A story in The Wall Street Journal last Thursday, “Medicare Eye Study Finds Untapped Savings” (subscription required), reflects the “do as I say, not as I do” nature of federal regulation of the off-label use of medical products. Contradictions already abound in the regulatory scheme: FDA, with punishing support from prosecutors, has shut down most communication about off-label uses between health product companies and physicians. Off-label regulators don’t distinguish between truthful, peer-reviewed information and snake-oil marketing; both are equally suspect to them. At the same time, the Centers for Medicare and Medicaid Studies (CMS) reimburses for many off-label uses.
But is CMS now drifting beyond its financial stamp of approval for off-label uses into the realm of promotion? As the Journal story relates, three CMS employees, together with a private retina specialist, have produced a study concluding that Medicare could save the feds millions in care for age-related macular degeneration by more aggressively reimbursing for the off-label use of a cancer drug (Avastin) to treat the eye ailment, instead of paying for a drug FDA has specifically approved for that condition (Lucentis). The study has not been peer-reviewed, nor has it been published. It’s eye specialist-author accuses CMS of “suppressing” the study, and Senator Herb Kohl is quoted as finding it “baffling” that CMS is delaying its release.
What is truly baffling is CMS’s response to the reporter’s inquiries on the study. Its chief medical officer asserts that he “has no problem with the data” but is waiting for information from the authors on “how the data can be translated into policy.” He then went on to note that CMS is “prohibited from doing cost-effectiveness analysis.” If federal law prevents CMS from “translating” the data “into policy,” then how can CMS lawfully place its official imprimatur on its employees’ work? Was CMS aware of these employees’ involvement in the study? Were they conducting research during government work hours? Elected officials responsible for CMS oversight, and perhaps the HHS inspector general, should ask these questions, especially given CMS’s “too cute by half” response to the leaked study.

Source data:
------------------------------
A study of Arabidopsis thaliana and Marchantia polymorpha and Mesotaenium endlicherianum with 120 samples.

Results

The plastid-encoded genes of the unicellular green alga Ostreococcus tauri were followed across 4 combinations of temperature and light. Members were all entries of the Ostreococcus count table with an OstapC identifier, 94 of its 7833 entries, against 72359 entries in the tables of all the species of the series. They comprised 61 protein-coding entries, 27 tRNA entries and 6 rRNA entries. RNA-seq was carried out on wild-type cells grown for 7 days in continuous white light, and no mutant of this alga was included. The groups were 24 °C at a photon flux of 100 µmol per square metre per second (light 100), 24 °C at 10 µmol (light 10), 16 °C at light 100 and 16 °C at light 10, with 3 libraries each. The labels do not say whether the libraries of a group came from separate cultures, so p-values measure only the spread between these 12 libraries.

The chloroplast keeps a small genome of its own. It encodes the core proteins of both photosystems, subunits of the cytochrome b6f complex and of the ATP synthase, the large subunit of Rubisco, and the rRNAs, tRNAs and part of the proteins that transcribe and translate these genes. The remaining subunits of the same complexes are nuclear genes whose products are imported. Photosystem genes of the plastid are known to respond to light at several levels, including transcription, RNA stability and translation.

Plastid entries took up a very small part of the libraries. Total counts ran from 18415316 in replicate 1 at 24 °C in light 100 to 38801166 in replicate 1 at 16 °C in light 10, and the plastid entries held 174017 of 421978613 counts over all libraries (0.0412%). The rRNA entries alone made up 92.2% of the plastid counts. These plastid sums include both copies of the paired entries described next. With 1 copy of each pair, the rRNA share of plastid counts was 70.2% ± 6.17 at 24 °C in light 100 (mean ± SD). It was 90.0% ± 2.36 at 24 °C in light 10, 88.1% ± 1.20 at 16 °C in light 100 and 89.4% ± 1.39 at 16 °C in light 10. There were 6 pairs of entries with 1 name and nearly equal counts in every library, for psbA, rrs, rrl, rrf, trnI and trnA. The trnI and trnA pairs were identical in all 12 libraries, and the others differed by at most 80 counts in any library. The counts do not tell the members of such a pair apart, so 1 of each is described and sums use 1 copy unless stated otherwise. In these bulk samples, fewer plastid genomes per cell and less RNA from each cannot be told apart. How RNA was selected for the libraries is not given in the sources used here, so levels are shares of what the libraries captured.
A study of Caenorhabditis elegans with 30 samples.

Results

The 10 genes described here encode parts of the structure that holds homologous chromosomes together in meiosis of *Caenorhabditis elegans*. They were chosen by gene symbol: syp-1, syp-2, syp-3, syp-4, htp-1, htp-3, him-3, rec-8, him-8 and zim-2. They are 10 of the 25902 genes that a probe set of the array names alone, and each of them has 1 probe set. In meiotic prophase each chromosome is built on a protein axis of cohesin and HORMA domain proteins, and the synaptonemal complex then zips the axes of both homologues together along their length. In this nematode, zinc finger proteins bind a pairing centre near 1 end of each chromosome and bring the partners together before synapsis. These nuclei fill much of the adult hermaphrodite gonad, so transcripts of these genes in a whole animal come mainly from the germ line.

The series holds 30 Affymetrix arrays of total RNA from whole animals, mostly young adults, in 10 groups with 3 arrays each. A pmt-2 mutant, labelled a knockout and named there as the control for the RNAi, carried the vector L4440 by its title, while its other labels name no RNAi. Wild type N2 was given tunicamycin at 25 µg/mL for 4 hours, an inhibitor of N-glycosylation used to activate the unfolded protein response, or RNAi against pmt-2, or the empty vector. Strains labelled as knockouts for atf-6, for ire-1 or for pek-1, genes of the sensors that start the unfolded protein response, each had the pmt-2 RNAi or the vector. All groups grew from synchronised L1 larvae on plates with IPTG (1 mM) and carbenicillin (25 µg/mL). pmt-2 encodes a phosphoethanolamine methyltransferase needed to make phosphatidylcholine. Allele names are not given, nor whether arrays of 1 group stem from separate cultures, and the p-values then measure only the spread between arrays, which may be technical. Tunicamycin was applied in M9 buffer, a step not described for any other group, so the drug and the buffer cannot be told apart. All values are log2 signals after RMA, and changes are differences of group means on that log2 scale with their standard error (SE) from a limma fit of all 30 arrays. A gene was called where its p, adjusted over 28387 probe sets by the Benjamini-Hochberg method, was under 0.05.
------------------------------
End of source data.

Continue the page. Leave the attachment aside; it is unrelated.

The even larger question here is whether this leaked study and CMS’s non-denial denials constitute “promotion” of an off-label use — motivated by cost savings rather than patient care. The company which produces both Avastin and Lucentis has expressed concern about the off-label use of Avastin. So has FDA. FDA related through a letter to retinal specialists (reprinted in part by the Patent Docs blog) that
Avastin is a sterile product and . . . its off-label use for ophthalmic diseases sometimes involves repackaging Avastin into multiple smaller doses for administration. The agency is concerned about the manipulation of sterile products because of the increased risk of product contamination.
The Patent Docs story also notes that FDA had inspected the Avastin production plant and issued a “verbal warning about promotion of off-label use of the drug.”
WLF certainly doesn’t take issue with the government’s reimbursement for off-label uses, though doing so when there is a drug actually approved for the medical condition being targeted does give us pause. CMS policy has taken this approach with other medical conditions such as fibromyalgia, for which there is an approved drug, but the agency won’t reimburse for that drug until practitioners try other, older drugs in a off-label fashion (see this WLF Legal Opinion Letter for more on this controversy).
What troubles us, though, is that if the producer of Avastin and Lucentis asserted its First Amendment rights and shared peer-reviewed, third-party authored and published studies about Avastin with doctors, it would be subject to punitive civil and criminal sanctions. Venomous headlines about how it peddled unapproved uses of drugs to doctors for treating the elderly and their eye conditions would likely follow.
But the media and some in Congress applaud when CMS employees apparently promote such an off-label use through an unpublished, unreviewed study which was curiously leaked to The Wall Street Journal. In this age of health care cost reduction at just about any cost, double standards for the regulators will increasingly become the norm.